Opossums (often called simply “possums”) are small- to medium-sized mammals in the genus Didelphis. The only member native to Oregon and Washington (Or anywhere in North America, for that matter) is the Virginia opossum, Didelphis virginian opossum.
If there were an award for the oddest-looking animal in North America, the opossum would certainly be a candidate. They have narrow heads, long snouts like canines, round ears, semi-prehensile, rat-like tails, and hind feet with opposable thumbs. Their coloration is primarily white — the word opossum is derived from the Algonquian word apasum, which simply means “white animal” — but considerable variation exists.
Most notably, though, female opossums have a marsupium, or pouch, in which their young complete their development after birth. This makes them the only specie of marsupial native to North America. And native they are: Biologists estimate that the opossum hasn’t changed much since at least the Cretaceous period, more than 66 million years ago. Nor have they needed to. They already have an impressive set of survival advantages including:
- Excellent climbing and swimming abilities.
- Excellent senses of smell and hearing.
- Rapid reproductive capability.
- Opposable thumbs on hind feet.
- A beautiful assortment of 50 teeth, which allows them to eat pretty much anything.
- Prehensile tails, which they use as a fifth limb when climbing, not for swinging from branches.
- Unaffected by snake venom, and immune to most diseases.
Opossums are as interesting behaviorally as they are biologically. They’re extremely adaptable, for example. Although arboreal by nature, opossums are also happy to live on the ground. They will eat pretty much anything without complaint. They’re happy living in cities, suburbs, or wild forest. And although solitary by nature, they will sometimes den together.
Despite all these advantages, opossums have very short lifespans. Wild opossums rarely live past two years. They are preyed upon by many other animals, including canines and cats. They also have a high rate of being struck by cars, probably due to their less-than-wonderful vision and their slow, lumbering movement. And just in case they manage not to get eaten or flattened, senescence (growing old) is very rapid in possums.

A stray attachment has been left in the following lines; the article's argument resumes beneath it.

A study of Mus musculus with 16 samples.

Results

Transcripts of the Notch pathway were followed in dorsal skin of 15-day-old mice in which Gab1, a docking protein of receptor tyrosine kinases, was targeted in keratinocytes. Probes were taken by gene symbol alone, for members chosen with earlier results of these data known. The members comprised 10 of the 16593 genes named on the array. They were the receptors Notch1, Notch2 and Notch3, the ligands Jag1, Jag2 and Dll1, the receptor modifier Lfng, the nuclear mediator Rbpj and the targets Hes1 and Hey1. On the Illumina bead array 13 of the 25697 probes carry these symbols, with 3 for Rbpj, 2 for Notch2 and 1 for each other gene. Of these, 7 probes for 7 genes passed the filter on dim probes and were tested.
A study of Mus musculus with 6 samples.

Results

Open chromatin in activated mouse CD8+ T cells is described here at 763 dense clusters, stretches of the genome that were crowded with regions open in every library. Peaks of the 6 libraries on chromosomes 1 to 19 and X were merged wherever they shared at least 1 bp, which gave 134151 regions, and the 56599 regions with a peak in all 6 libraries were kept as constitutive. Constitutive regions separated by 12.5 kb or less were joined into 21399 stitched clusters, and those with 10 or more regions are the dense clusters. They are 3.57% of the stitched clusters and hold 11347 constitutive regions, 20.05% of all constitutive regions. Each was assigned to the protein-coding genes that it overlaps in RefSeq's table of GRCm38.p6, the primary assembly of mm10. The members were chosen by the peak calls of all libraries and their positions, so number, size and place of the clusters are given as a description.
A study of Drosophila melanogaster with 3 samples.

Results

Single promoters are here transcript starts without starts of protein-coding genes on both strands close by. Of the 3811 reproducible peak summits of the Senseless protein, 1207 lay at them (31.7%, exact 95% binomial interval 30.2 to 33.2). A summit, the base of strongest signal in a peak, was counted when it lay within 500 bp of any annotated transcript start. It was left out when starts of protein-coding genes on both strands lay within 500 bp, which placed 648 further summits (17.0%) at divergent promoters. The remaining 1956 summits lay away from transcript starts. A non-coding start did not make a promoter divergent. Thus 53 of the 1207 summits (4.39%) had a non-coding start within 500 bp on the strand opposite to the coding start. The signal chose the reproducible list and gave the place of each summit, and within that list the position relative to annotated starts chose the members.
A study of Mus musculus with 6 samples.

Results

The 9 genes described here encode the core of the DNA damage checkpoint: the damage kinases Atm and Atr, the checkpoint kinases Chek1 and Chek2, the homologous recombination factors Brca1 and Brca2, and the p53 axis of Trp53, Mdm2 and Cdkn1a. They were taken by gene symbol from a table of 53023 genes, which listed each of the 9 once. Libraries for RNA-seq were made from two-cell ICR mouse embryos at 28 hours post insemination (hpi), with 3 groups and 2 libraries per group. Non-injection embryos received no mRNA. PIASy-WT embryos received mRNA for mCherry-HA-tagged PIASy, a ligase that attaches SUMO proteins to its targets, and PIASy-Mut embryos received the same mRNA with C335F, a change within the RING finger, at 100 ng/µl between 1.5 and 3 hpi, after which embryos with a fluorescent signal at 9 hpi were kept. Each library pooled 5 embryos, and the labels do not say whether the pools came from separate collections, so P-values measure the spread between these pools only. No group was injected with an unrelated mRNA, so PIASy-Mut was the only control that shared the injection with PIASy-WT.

The most famous opossum behavior is, of course, “playing possum.” This behavior is a lot more interesting than most folks realize, however.
Possums play dead if snarling and hissing don’t scare off an aggressor. Not being fleet of foot, running away is not an option, nor are opossums well-equipped for fighting; so they play dead. But they don’t just lay down and hope for the best. Possums play dead with gusto.
First of all, when an opossum plays dead, they actually go into an altered state of physiology and consciousness. They become stiff, their lips draw back, they drool, the digits of their paws splay out, and their anal glands secrete a foul stench that smells like rotting flesh. Quite often, this display is enough to turn off predators. They poke, prod, and sniff the possum, and then walk away, apparently deciding that they’re not quite hungry enough to eat something that smells that bad.
Possum Trapping and Removal
Possums are basically harmless, and even somewhat beneficial because they do consume a certain amount of rodents and insects. But they do make a mess and create some health risks when they get into garages, basements, under porches, or into attics.
Like all wild animals, opossums carry their share of diseases and parasites, and they do contaminate the places they live with their droppings, urine, shed fur, and parasites. Because of their short lifespans, they also simply die inside a house from time to time, which can really stink the place up.
Possum removal is usually accomplished using traps or snares, or sometimes by visually distracting it with one hand, and then grabbing it at the base of its tail with the other. This is not something you should try yourself. Even professional critter catchers with years of experience sometimes get bitten this way. It’s definitely not something a do-it-yourselfer should try.
Once the opossum is removed and relocated, exclusion usually is necessary. This not only prevents opossums from getting back into your home, but other animals, as well.
If the opossum was living in a burrow, however, then all that’s necessary is to fill it with soil. Opossums don’t have the best work ethic in the animal kingdom, so you don’t have to worry about another possum digging out the burrow and moving in. They’re just not that ambitious.
Please contact us for more information about opossum removal and animal exclusion, or about any of our quality pest and animal control services.